The debut novel from University of British Columbia MFA graduate Kim Fu considers what it means to become who you are.
Peter Huang is the coveted son among three sisters in a Chinese-Canadian family. While his father struggles to instill his ideal of masculinity in his only son, Peter is tormented by a conflicted identity. He doesn’t want to be like his father: he wants to be a woman, a mother. But growing up in small-town Ontario in an ethnically traditional household, Peter doesn’t have the vocabulary to recognize he is transgender.
Peter finds solace in a clandestine world of material objects – high heels, wigs, make-up. Home alone, he does his chores in the nude, wearing only his mother’s frilly nylon apron. One day, his father wordlessly presents Peter with the apron, has him burn it in the driveway, and forces him to swallow a still-warm piece of the charred fabric. The moment is one of real brutality.
The story follows a coming-of-age novel’s typical trajectory: Peter gets a part-time job, graduates high school, and moves to the big city, where he has the opportunity to achieve a personal rebirth. But Peter is unwittingly chasing the same dream as his father – integration into the dominant culture – which he pursues the only way he knows how: by trying to find a wife. His two relationships – with an older woman and a former lesbian, born-again Christian – are damaging overcorrections, and Peter becomes more lost the harder he tries to assimilate.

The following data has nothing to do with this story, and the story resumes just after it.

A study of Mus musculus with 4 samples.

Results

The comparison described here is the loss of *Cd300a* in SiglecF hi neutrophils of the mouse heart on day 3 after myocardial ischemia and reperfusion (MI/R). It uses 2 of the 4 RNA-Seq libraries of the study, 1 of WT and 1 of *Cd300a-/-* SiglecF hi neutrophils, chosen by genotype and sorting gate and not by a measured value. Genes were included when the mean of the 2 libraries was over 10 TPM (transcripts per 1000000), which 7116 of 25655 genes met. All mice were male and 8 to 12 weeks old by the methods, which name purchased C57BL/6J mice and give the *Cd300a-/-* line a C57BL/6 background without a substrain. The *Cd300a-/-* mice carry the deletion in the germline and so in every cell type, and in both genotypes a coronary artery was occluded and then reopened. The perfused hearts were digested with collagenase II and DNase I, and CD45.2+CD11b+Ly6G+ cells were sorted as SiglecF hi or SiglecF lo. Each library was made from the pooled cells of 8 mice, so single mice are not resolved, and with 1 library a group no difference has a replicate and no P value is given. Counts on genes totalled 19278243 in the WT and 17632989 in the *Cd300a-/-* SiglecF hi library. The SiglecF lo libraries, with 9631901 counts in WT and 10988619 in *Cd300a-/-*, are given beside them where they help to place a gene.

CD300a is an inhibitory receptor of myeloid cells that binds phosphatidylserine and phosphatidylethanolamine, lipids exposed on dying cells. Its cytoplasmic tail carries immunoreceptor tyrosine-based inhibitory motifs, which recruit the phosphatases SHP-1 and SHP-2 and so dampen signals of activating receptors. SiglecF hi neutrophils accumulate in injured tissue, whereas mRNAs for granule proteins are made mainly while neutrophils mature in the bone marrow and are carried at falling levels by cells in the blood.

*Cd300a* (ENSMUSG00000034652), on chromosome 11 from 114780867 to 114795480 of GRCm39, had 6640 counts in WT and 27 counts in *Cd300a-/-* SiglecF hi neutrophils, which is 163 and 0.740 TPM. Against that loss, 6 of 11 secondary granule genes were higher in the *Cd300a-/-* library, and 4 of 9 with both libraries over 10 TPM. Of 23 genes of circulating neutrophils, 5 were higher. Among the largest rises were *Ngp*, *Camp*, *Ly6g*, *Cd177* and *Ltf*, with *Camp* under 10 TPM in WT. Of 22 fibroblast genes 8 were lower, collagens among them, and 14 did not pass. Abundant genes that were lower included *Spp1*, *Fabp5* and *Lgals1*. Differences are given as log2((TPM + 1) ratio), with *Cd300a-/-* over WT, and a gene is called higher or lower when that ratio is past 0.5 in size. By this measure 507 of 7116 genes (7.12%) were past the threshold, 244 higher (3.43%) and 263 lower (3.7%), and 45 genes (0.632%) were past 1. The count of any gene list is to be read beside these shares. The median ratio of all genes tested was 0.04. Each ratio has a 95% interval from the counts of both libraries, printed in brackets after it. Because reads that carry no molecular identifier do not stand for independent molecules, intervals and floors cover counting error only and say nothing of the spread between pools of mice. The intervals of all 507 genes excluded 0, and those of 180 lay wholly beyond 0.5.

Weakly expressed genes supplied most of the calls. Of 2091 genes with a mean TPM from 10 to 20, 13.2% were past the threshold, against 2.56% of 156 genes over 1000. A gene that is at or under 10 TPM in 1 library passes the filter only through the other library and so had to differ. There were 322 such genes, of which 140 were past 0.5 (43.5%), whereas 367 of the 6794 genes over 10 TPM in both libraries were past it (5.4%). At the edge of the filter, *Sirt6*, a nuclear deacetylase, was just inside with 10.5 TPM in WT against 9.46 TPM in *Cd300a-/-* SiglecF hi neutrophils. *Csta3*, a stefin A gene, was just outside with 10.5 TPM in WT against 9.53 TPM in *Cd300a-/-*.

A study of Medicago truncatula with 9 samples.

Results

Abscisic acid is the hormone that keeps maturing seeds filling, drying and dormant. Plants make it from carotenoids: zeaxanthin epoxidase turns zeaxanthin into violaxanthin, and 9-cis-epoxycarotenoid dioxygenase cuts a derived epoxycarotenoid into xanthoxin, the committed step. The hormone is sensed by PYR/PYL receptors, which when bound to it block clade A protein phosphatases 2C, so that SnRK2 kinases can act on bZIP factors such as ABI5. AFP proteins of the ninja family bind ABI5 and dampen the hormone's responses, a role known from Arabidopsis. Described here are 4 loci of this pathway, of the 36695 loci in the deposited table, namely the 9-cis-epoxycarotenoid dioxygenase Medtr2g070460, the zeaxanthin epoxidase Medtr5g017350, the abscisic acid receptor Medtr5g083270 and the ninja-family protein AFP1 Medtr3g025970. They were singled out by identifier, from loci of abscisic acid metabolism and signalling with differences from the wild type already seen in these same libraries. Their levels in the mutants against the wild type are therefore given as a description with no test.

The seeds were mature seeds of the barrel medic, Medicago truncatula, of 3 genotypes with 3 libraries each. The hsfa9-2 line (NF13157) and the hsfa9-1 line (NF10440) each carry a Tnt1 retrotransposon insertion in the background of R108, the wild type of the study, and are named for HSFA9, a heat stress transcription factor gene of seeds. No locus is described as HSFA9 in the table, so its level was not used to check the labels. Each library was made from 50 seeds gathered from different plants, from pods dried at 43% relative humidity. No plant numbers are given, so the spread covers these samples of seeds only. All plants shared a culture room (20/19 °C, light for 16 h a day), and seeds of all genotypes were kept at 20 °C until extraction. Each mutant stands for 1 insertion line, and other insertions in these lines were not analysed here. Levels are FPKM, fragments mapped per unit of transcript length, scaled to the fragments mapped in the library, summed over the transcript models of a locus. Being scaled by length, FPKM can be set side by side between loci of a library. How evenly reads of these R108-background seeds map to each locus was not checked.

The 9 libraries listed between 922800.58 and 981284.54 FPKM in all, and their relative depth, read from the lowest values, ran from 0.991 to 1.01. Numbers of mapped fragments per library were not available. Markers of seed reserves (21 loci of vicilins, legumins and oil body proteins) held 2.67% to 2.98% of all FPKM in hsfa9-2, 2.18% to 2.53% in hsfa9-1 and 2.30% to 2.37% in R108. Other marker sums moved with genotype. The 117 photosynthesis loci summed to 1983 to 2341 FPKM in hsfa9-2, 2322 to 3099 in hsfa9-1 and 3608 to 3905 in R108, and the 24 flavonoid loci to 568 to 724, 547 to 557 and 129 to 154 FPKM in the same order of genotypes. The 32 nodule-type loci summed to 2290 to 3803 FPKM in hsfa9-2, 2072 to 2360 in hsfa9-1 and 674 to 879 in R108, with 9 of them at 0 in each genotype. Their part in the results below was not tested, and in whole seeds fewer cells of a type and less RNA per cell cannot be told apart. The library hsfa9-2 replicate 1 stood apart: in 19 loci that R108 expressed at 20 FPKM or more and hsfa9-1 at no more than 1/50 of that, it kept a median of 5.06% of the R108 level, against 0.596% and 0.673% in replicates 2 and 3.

Fu’s narrative deftly navigates through the 1990s and into the 21st century, where Peter is overwhelmed by the young people living in a mediated, politicized world. Peter has never before encountered the queer theory that dominates the bookshelves of his transgender co-worker, who teaches him about gender identity. To Peter, the luxury of selecting one’s identity remains both disobedient and unfair.
For Today I Am a Boy offers a lot to think about. Fu’s concerns range from the first-generation immigrant experience to changing standards of feminism. Amid difficult questions of gender and identity, the secondary characters (especially Peter’s mother, who gains a voice only after her husband’s death) are sometimes crowded out by the ambitious narrative. Nevertheless, Fu’s delicate, honest, and poetic prose captures the tragic, violent struggle of a soul at odds with itself. Despite a lifetime of self-doubt, Peter ultimately prevails and comes to understand that his identity might serve as the lynchpin for his divided family.